Regardless of how much you love your partner, if your family is not too fond of your partner—or worse, despises your partner—it could lead to the demise of your relationship. Fortunately, there are ways that you can help your family and your partner find the reasons for the conflict between them and resolve their issues.
Prior to attempting communication with your parents about the issue, remember to consider the source of their disdain. Your parents love you and want the best for you, so they simply want to make sure your partner is as great as you are. Your job is to convince them of such. Before talking with your parents, or disapproving family members or friends, think of all of the reasons why you love or care for your partner. What makes them a special person? How do they make you feel? How do they contribute to making you a better person? What do they contribute to the relationship? Once you have considered all of the positive things that your partner brings to the table, think of the reasons that your family members have stated that they do not care for your partner. If they have not specifically stated why they do not like your partner, take time to think of the possible reasons why they do not care for your partner. Do the positives seem to outweigh the negatives? If not, continue to formulate your argument. When you feel as though you have a strong argument to support your partner, it is time to discuss your relationship with your parents. If you cannot think of good reasons why you should be with your partner, your parents may be right, and it may be time for you to end your relationship.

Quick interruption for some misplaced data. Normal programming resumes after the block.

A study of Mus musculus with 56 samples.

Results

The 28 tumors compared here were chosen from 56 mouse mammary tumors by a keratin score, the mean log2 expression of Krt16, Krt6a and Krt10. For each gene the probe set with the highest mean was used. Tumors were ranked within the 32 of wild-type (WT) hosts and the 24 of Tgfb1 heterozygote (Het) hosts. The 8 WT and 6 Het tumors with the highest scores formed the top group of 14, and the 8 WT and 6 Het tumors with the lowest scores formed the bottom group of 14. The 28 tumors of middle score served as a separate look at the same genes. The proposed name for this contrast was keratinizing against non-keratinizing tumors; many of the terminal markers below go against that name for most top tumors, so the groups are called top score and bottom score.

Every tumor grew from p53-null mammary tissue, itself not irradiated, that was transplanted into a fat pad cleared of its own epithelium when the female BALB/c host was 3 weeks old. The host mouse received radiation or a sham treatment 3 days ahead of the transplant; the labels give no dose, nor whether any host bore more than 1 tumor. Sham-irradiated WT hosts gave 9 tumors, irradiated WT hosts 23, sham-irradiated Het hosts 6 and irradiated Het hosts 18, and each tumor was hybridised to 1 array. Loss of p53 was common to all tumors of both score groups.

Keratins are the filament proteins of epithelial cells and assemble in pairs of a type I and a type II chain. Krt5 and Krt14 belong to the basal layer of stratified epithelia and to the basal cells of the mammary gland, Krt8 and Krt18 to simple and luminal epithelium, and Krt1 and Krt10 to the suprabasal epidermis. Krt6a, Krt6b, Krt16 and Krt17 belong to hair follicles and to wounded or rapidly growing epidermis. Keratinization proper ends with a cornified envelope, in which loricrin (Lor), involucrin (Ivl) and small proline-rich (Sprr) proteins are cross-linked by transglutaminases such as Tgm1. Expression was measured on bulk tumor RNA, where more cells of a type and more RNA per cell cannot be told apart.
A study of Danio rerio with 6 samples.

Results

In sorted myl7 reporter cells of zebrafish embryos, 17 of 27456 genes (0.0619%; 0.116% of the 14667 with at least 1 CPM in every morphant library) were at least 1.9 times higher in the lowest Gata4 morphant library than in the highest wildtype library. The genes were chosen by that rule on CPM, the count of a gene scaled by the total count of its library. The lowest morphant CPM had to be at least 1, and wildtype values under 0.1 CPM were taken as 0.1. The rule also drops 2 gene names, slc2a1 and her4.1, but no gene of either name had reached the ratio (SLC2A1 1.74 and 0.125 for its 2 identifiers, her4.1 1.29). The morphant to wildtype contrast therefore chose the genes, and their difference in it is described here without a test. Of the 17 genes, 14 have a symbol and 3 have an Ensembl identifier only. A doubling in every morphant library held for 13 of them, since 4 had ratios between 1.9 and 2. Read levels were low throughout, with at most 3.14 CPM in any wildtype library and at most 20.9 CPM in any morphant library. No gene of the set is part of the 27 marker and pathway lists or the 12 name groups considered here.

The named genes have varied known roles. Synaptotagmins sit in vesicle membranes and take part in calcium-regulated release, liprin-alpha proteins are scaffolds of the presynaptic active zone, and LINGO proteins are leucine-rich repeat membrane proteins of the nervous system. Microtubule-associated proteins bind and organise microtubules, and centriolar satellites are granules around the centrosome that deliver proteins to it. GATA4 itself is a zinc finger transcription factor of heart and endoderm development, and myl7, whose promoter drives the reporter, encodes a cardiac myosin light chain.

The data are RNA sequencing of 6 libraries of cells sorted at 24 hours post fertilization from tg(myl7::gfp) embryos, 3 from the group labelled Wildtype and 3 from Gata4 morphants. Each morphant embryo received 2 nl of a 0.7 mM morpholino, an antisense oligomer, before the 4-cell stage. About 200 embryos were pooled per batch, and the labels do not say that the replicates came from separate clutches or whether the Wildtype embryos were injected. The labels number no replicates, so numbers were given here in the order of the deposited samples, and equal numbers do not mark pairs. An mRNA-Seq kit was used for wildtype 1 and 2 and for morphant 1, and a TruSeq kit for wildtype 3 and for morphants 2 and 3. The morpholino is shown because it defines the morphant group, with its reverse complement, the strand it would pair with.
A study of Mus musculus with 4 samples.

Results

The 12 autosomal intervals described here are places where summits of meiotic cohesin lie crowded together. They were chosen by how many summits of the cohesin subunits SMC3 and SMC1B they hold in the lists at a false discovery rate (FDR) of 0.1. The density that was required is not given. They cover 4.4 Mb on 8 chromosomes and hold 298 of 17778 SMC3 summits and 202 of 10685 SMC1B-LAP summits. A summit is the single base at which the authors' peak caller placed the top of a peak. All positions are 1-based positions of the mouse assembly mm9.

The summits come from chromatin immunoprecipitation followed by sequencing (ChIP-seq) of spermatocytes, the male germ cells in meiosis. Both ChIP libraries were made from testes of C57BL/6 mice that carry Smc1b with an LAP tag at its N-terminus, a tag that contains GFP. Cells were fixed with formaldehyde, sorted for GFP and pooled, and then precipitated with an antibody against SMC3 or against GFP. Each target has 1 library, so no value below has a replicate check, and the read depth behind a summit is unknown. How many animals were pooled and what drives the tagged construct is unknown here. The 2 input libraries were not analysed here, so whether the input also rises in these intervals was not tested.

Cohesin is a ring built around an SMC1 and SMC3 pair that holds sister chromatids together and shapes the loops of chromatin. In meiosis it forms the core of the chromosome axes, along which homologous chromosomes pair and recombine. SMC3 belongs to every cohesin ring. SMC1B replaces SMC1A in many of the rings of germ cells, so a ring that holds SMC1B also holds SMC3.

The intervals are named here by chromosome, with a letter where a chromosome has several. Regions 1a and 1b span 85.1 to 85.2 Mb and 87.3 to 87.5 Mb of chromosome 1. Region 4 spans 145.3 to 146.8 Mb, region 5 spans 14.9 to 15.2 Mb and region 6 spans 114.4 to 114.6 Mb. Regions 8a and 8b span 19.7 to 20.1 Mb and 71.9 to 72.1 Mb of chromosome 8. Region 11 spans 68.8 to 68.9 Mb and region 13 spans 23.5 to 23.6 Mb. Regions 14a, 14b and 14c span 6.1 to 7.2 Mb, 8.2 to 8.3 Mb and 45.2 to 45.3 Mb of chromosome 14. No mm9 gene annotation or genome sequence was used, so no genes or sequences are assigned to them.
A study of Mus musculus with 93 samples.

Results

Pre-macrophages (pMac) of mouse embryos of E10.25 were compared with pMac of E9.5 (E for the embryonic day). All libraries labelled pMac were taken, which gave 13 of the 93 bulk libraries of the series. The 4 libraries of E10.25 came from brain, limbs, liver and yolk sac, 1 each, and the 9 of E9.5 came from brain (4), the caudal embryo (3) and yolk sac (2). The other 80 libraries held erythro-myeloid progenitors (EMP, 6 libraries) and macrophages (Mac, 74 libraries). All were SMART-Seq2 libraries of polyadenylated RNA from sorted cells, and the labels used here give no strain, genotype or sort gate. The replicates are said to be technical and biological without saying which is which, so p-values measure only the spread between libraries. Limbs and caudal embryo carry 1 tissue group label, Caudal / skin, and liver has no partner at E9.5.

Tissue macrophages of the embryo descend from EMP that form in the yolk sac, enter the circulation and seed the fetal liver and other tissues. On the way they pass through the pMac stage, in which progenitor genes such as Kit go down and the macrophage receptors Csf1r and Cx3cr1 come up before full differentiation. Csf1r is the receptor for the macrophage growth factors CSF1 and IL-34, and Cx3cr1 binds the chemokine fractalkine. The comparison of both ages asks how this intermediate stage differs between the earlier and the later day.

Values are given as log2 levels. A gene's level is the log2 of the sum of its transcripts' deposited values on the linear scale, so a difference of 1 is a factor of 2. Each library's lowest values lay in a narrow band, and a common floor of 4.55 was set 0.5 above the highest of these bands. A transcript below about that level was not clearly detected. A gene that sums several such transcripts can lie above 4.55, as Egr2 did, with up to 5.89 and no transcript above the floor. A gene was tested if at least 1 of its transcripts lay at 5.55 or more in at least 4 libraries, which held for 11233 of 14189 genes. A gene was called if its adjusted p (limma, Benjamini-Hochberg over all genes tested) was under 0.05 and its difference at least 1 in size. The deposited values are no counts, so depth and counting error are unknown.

Do not attempt to talk to your parents about your relationship when emotions are heightened during an argument. Carefully plan your discussion. Let your parents know your intent. Tell them that you know they have concerns about your relationship with your partner and you would like to talk about those concerns with them. Although you have prepared for the discussion, approach the conversation with an open heart, mind and ears. Listen to what they have to say, even if you do not want to hear it, and even if you have heard it before. Then bring up the points you have previously formulated. Even if the conversation ends at the same point it began, with your parents disapproving of your mate, they will surely appreciate your effort.
At the end of the conversation, tell your parents that you would like to turn over a new leaf, if they are willing. Invite them to dinner, or any other conversation-centered activity, with you and your partner. The more your parents are around your partner, the more they will (hopefully) warm up to him or her.